Life on Campus
Innertube waterpolo is one of the many intramural sports, along with Ultimate Frisbee and dodgeball.
|7||Dining halls available to students (Three at Pomona and one at each of the other colleges)|
|98||Percentage of students who choose to live on campus|
|227||and counting...Number of available clubs and organizations|
|2,832||Number of events scheduled last year at Smith Campus Center|
Living and Learning at Pomona
Pomona takes pride in being a residential college where the line between living and learning is practically non-existent. The quality of what you will learn here outside the classroom, simply from living, working and playing as a member of such a closely knit, energetic and amazingly talented community, cannot be overstated.
On-campus housing is guaranteed to any student who requests it, and about 98 percent of Pomona students choose to live there. Pomona’s 14 residence halls range in size from about 60 to 300 students, with most housing 120-150. All are co-ed, and more than two-thirds of the rooms are singles. Each building has one or more resident advisers—students who live in the hall and serve as administrative liaisons.
First-year students are grouped into small sponsor groups, designed to help ease the transition from home to dorm life. The groups are co-ed and consist of 10 to 20 students who live in adjacent rooms in the residence halls, along with two sophomore sponsors who help them learn the ropes of campus life—from joining a club and buying books to finding out where to get the best pizza in Claremont or how to get into Los Angeles without driving (it can be done).
Our residence halls are more than just places to study and sleep. Halls frequently host their own activities through RAs or sponsor groups. In Walker Hall, home to 111 students, you can hear a speaker at a Woman's Union Lunch (second floor), file a story at the weekly newspaper, The Student Life (first floor, south side), or have your bike repaired by Green Bikes (basement).
Taco Tuesdays, sushi and burger bars, vegan specialties and smoothies and are just a few of the student favorites offered at the three Pomona dining halls. The dining plan also allows students to eat at any of the other four undergraduate colleges and includes a late-evening study break known as “Snack,” where as many as 400 students gather at 10:30 at Frary dining hall to socialize and refuel on treats such as quesadillas, cereal and soft pretzels. The “board plus” option can be used at a number of other venues, including the Coop Fountain and the Sagehen Café on the Pomona campus.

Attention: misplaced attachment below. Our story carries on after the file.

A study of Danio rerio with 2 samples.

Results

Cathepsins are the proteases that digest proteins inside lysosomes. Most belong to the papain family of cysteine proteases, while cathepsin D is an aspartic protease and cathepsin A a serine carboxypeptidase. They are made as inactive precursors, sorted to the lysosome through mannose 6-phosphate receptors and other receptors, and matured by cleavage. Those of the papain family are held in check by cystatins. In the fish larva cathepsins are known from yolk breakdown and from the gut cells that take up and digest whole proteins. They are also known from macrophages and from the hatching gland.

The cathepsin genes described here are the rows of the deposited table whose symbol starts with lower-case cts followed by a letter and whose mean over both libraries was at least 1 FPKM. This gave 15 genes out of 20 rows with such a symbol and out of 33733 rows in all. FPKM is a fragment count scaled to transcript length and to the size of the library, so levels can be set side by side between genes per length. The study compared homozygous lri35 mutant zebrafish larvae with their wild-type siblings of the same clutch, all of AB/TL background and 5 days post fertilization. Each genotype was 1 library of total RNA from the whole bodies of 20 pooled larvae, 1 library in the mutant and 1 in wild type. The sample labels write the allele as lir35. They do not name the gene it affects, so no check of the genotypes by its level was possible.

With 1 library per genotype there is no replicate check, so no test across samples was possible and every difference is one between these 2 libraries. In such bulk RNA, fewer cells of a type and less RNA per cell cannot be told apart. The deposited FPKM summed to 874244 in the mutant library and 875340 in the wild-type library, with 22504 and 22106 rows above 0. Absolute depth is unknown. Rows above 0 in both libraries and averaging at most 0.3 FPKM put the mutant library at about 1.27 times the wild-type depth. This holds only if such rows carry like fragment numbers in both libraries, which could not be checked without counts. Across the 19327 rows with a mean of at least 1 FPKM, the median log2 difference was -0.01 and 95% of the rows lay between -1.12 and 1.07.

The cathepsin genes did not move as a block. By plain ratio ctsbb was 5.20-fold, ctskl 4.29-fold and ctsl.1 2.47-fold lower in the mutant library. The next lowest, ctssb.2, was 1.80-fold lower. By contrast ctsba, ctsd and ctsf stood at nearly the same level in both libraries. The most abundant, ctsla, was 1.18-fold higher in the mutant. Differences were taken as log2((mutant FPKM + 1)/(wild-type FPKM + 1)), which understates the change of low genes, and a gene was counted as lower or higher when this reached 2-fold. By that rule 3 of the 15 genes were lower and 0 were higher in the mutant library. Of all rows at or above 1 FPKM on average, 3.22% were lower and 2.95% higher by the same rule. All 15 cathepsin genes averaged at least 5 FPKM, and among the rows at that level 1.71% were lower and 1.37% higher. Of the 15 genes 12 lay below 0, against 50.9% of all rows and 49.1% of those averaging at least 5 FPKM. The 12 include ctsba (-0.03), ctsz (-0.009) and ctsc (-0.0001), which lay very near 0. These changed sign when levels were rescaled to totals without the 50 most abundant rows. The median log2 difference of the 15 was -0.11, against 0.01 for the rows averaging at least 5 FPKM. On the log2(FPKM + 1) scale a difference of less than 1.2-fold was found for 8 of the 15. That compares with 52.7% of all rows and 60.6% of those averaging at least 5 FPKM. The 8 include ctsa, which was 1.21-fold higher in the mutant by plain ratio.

Smith Campus Center
With its lounges, cafes, courtyards and offices, Smith Campus Center is the hub of much of the activity that takes place at Pomona. You can apply for an internship, listen to a debate, watch a movie (before it's out on DVD), attend an art show, soak up the sun, check your mail, have a midnight snack and buy a Pomona souvenir for your parents all within the confines of the newly redesigned campus center.
Clubs and Organizations
Pomona offers countless ways to get involved in campus life—to become a part of the many smaller communities that help shape a college experience—and the inclusive, supportive nature of the community makes it easy to join in. You may choose to be part of the Glee Club, to live in a language hall or to become an On the Loose outdoor club guide. There are also myriad opportunities to get involved in dance, theatre and music productions, newspapers and magazines, art shows and clubs that appeal to almost every interest.
Any list of organizations at Pomona is only a snapshot. New interest groups and organizations are founded and funded with great frequency. Some, like the Mortarboard Society and Kappa Delta fraternity, have been around for years; others are created in response to political or societal issues; still others vanish and are reborn as student interests shape the times. Pomona students also can get involved in any of the groups associated with the other Claremont Colleges, expanding the roster of choices to more than 225 clubs and organizations.
If the goal of a liberal arts education is to educate the whole person, then athletics and physical fitness are important parts of that larger picture. About 20 percent of our students play on varsity teams, with hundreds more participating in intramural and club sports.
Pomona combines forces with Pitzer College to field 21 varsity teams—half for men, half for women—that compete in NCAA Division III athletics and as members of the Southern California Intercollegiate Athletic Conference (SCIAC). Our coaches are faculty members, our facilities among the best, and our weather ideal for year-round outdoor activities. Sagehen baseball players don’t have to wait for the snow to melt to start their seasons, and our tennis players can hit the courts all year round.
Varsity athletics is only one piece of the physical education program. P.E. classes, intramural and club sports and recreational opportunities round out a program that has something that will appeal to almost everyone—from students interested in swordplay and foosball to sprinters and midfielders.